Sanitation services refer to the management of excreta from the facilities used by individuals, through emptying and transport of excreta for treatment and eventual discharge or reuse.
The new JMP ladder for sanitation
The JMP service ladders are used to benchmark and compare service levels across countries. These have been updated and expanded to facilitate enhanced global monitoring of drinking water, sanitation and hygiene. The new ladders build on the established improved/unimproved facility type classification, thereby providing continuity with past monitoring, and introduce new rungs with additional criteria relating to service levels.
Improved sanitation facilities are those designed to hygienically separate excreta from human contact. There are three main ways to meet the criteria for having a safely managed sanitation service (SDG 6.2). People should use improved sanitation facilities which are not shared with other households, and the excreta produced should either be:
- treated and disposed in situ,
- stored temporarily and then emptied and transported to treatment off-site, or
- transported through a sewer with wastewater and then treated off-site.
If the excreta from improved sanitation facilities are not safely managed then people using those facilities will be classed as having a basic sanitation service (SDG 1.4). People using improved facilities which are shared with other households will be classified as having a limited service. The JMP will also continue to monitor the population practising open defecation which is an explicit focus of SDG target 6.2. These services level classifications can also be visualized using excreta flow diagrams.
Use of improved facilities which are not shared with other households and where excreta are safely disposed in situ or transported and treated off-site
Use of improved facilities which are not shared with other households
Use of improved facilities shared between two or more households
Use of pit latrines without a slab or platform, hanging latrines or bucket latrines
Disposal of human faeces in fields, forests, bushes, open bodies of water, beaches and other open spaces or with solid waste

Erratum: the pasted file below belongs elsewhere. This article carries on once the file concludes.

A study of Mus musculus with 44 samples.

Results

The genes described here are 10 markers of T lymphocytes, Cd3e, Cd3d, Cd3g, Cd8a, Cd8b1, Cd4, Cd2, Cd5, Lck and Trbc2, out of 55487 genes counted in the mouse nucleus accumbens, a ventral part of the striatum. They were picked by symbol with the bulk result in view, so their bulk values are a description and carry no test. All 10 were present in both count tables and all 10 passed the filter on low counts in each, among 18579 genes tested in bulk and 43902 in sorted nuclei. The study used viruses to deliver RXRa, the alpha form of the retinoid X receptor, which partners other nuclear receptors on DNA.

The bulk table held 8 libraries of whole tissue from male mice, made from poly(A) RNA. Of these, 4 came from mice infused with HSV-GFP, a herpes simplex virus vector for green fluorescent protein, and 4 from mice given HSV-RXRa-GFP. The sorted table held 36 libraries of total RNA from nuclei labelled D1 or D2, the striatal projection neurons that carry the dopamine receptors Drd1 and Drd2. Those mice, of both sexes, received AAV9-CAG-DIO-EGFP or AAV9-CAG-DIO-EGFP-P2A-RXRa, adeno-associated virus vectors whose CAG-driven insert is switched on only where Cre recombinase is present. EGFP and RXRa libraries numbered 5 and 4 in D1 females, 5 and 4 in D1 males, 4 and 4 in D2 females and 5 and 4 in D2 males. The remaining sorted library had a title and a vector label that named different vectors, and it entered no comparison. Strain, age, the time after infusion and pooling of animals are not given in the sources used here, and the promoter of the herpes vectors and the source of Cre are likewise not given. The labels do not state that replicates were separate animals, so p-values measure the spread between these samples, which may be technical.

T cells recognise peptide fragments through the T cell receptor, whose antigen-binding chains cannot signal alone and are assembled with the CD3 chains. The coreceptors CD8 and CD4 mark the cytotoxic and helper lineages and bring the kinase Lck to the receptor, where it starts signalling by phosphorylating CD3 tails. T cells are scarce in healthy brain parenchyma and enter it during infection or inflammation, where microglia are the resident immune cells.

Note: Improved sanitation facilities are those designed to hygienically separate excreta from
human contact, and include: flush/pour flush to piped sewer system, septic tanks or pit latrines; ventilated improved pit latrines, composting toilets or pit latrines with slabs
Monitoring SDG targets related to sanitation
The Sustainable Development Goals include aspirational global targets to achieve universal access to basic services and to progressively improve the standard of WASH services by 2030 and the JMP is responsible for official reporting on corresponding global SDG indicators related to drinking water, sanitation and hygiene (see SDG Monitoring).
The 2017 thematic report on safely managed sanitation and hygiene (forthcoming) considers the implications of target 6.2 "by 2030, achieve access to adequate and equitable sanitation and hygiene for all and end open defecation, paying special attention to the needs of women and girls and those in vulnerable situations", and outlines JMP plans for enhanced global monitoring of sanitation and hygiene in the context of the 2030 Agenda for Sustainable Development.
Enhancing data collection
In preparation for SDG monitoring, the JMP has collaborated with the UNICEF Multiple Indicator Cluster Survey (MICS) programme to develop and test new questions and indicators which fill data gaps regarding sanitation services. New questions have been developed and standardized that collect information from households on emptying of on-site sanitation storage facilities, as well as the number of households with "sewer connections" that actually discharge to open drains, and should not be counted as safely managed. The MICS questionnaires and tools have been updated for the sixth round of MICS surveys starting in 2017.
The JMP has also worked with a Sanitation Treatment Task Force to develop questionnaires for collecting information on excreta management from service operators such as desludging companies, and faecal sludge or wastewater treatment plants.